Merger activity has dropped in the past six months and is not likely to pick up over the coming year, a regular six-monthly survey has indicated.
The poll, the ninth in a series by the Law Consultancy Network, shows a decline in the number of firms believing there was a good or definite chance of a merger in the next six months – down from 26% to 16% of respondents.
Fewer firms had completed a merger in the past six months – 18% compared with 24% six months ago.
With the exception of the six months to December 2013, the figures show a steady decline in merger interest since the summer and autumn of 2011.
Commenting on the results, the survey's author, consultant Andrew Otterburn, said: ‘There has been much talk of mergers in recent years, and a number of significant mergers have taken place, but the reality for many firms is that a merger is unlikely and could even be a counter-productive distraction.'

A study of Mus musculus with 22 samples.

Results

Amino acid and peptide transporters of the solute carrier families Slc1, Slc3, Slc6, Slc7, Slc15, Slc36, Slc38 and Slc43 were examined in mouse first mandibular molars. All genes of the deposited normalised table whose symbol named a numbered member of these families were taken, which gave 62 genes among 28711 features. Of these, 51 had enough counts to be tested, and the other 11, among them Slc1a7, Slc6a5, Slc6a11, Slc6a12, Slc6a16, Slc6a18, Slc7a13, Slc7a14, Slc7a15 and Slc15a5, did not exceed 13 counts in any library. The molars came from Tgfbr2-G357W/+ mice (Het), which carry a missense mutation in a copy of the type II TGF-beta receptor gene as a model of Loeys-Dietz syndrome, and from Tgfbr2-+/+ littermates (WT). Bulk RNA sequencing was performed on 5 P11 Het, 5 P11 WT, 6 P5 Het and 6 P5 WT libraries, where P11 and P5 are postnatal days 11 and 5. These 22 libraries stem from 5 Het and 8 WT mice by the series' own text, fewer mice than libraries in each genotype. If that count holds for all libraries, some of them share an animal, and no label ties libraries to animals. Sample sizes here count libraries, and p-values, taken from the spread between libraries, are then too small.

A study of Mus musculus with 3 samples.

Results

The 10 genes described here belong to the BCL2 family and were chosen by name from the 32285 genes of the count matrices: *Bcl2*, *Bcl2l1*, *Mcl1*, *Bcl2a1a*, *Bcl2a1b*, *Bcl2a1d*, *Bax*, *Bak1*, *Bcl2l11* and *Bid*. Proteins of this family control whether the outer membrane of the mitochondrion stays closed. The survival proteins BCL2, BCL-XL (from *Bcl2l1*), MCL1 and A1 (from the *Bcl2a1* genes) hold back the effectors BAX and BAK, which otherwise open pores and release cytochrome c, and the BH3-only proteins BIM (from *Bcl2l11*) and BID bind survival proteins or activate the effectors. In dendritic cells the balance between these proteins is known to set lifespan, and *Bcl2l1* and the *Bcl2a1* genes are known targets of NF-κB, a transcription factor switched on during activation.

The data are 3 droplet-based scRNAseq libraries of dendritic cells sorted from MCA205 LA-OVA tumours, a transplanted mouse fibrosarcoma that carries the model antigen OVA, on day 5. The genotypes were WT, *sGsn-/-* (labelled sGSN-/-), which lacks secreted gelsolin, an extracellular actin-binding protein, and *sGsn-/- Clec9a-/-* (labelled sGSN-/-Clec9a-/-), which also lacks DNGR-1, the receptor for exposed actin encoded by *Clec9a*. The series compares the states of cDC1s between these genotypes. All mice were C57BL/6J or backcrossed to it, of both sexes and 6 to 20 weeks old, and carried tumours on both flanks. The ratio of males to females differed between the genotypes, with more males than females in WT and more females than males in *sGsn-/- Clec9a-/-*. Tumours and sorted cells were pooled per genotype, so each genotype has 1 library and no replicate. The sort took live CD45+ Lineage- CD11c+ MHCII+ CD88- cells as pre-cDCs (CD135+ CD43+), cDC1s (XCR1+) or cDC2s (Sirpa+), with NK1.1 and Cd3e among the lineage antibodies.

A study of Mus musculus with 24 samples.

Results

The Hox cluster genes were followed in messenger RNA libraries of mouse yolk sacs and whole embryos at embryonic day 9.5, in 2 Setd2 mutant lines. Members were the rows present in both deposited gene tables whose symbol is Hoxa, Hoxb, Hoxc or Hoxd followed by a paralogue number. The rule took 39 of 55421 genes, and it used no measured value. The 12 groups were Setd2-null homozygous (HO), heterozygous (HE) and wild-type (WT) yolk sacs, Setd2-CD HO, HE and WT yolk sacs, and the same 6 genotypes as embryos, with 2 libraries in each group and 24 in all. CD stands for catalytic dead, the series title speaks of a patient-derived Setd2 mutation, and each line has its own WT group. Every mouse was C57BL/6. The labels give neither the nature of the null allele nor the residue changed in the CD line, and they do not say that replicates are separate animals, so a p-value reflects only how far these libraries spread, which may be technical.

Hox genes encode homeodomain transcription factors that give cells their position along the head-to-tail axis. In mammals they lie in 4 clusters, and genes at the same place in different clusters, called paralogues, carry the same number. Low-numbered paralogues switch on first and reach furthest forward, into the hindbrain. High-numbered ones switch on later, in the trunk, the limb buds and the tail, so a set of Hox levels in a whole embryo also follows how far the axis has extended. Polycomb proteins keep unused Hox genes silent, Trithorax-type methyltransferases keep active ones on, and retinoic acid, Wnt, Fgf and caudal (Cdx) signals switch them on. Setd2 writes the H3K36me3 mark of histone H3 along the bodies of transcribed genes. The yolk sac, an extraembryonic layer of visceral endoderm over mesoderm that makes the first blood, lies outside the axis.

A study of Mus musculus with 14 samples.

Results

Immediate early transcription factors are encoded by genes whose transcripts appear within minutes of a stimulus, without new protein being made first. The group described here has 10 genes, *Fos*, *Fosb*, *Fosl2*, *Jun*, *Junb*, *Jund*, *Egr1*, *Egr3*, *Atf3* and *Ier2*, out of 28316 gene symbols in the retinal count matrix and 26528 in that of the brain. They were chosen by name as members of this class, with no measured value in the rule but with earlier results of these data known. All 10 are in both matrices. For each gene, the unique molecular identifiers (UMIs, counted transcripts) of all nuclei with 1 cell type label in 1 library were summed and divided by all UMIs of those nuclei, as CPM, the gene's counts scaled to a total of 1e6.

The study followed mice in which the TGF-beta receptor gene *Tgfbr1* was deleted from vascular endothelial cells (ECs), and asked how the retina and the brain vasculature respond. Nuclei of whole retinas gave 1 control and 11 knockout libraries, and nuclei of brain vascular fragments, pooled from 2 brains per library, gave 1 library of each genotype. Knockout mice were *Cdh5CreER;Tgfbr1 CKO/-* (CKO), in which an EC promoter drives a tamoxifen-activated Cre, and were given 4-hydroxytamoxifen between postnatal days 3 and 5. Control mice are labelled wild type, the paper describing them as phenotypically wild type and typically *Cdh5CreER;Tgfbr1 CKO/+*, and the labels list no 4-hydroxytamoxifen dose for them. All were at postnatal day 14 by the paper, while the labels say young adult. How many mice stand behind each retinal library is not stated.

He rejected the notion that the decline was down the fact that most firms wanting to merge had all already done so, attributing it instead to ‘a degree of realism’ among partners.
‘The reality is that it is quite hard to find the right firm to merge with. It is often much easier to acquire individuals or teams rather than a whole firm,’ he said.
However he said that there are still opportunities: 'The starting point as always is having a clear business strategy and the means to deliver it.'
But he added: ‘Many firms still lack this basic starting point – a plan and effective leadership.’
The survey was based on questionnaires from 43 firms with a median size of eight partners.